The father of fears
Posted on September 15, 2010 | Author: Vithal C Nadkarni | View 217
In haunting retrospect, when the time came for his only parent’s demise, the scribe found himself functioning like an automaton. There was the heartbreaking business of speaking calmly and clearly without a quaver; of invoking the Goddess of Illumination just once and that too by name rather than by sacred syllables. For the scribe did not want it to sound like goodbye or Godspeed.
So he chose to reassure with gesture and tone. But inwardly he felt wretched. Thus, the son became the father of Man. Although all he wanted to do was to run away from reality. But he could not. Besides they were trapped together in the sterile embrace of medical technology.
Then the healers in white and their acolytes in blue intervened to begin their resuscitation dance. Thus the father’s last words turned out to be the son’s name urgently called out twice along with “I’m feeling breathless.” If he wanted action, he got plenty. But it could not prevent his departure to that undiscovered country from whose bourn no traveller returns.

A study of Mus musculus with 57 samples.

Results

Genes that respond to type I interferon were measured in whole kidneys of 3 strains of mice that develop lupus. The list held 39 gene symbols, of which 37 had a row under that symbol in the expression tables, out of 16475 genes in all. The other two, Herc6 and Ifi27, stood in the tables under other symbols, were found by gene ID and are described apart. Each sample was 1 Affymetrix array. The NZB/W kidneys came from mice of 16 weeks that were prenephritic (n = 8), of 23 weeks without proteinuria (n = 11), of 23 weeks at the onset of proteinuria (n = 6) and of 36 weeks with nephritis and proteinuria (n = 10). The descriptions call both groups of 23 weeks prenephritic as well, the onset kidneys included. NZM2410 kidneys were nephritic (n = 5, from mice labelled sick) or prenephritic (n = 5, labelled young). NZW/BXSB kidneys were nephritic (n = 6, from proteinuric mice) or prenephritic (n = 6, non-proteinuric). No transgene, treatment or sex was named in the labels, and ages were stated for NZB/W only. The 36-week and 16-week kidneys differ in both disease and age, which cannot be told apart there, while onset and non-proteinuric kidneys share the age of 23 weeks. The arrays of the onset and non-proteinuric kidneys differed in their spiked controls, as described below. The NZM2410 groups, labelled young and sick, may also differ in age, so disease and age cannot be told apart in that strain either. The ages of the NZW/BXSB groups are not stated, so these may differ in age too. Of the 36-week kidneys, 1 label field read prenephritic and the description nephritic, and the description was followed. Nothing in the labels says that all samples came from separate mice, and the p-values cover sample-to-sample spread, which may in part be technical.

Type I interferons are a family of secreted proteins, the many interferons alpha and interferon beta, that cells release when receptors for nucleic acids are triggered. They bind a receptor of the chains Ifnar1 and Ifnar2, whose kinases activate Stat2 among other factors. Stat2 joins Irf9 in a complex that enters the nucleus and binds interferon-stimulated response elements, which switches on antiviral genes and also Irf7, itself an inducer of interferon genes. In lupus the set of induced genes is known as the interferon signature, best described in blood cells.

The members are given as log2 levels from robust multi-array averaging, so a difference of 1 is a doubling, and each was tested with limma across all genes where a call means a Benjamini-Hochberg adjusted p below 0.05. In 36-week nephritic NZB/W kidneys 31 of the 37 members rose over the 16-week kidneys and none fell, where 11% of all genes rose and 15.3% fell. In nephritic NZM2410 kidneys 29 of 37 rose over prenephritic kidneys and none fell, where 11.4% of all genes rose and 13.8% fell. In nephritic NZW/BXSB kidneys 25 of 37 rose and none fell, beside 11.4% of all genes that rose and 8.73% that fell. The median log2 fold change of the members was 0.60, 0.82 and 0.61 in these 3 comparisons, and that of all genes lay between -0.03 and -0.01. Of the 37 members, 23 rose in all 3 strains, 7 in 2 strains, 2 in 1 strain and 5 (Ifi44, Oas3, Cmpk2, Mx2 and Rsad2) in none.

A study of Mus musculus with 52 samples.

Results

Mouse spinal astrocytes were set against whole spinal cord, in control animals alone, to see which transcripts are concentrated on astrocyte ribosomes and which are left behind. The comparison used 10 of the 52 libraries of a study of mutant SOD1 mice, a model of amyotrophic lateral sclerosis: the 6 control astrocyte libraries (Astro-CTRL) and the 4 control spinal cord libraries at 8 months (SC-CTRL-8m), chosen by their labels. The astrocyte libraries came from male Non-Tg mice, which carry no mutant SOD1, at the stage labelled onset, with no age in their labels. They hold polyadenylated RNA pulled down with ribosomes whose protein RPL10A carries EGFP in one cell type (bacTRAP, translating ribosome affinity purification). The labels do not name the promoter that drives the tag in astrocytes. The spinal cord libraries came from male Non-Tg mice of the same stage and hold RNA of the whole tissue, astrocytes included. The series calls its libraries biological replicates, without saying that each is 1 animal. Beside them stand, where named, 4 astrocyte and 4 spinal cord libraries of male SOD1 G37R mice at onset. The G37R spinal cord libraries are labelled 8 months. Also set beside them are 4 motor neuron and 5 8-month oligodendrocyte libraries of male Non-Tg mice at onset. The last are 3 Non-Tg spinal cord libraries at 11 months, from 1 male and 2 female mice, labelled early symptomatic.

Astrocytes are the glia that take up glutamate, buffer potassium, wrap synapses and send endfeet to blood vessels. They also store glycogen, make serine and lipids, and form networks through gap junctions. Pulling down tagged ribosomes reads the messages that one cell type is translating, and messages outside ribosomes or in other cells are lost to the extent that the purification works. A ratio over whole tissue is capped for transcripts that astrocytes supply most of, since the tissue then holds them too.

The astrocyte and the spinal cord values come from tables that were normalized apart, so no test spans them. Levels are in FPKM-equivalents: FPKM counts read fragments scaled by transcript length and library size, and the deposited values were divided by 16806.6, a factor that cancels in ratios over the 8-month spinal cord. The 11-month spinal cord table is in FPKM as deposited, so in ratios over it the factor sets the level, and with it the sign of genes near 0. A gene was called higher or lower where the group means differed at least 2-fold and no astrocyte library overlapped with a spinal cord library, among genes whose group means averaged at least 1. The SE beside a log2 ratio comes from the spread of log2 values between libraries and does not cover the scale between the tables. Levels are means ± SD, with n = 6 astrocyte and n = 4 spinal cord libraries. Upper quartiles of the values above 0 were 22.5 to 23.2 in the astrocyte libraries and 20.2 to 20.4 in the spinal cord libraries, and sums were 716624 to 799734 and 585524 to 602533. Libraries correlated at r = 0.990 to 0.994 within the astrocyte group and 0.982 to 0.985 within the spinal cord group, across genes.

Thus, the scribe came face to face with what Sigmund Freud called ‘our ultimate helplessness’, which is the defining characteristic of the human condition. This was also Buddhism’s ‘truth of impermanence’.
Paradoxically, our survival instinct itself operates from this primal truth, the therapists Richard and Bonney Schaub say in their handbook for spiritual realists, The End of Fear: Life is a wondrous and strange experience in which everything and everyone you see, including yourself (and your nonagenarian parent), is subject to change and loss at every moment.
Shakespeare summarises this primeval insight in As you like it: “And so, from hour to hour, we ripe and ripe,/ And then, from hour to hour, we rot and rot,/ And thereby hangs a tale.” The awareness of the worm wriggling inside the golden apple lies at the root of all our anxieties says psychiatrist Aaron Beck, the pioneering founder of cognitive therapy.
“The monsters that come to take children away in the night are storybook models of the truth that one day you and I will be taken from our present lives,” the Schaubs, who are also the co-founders and co-directors of The New York Psychosynthesis Institute, add.
“And before we are taken, we will witness it happening to others, including those we love. Looking at it in this light, we see that our fears are not unreasonable at all.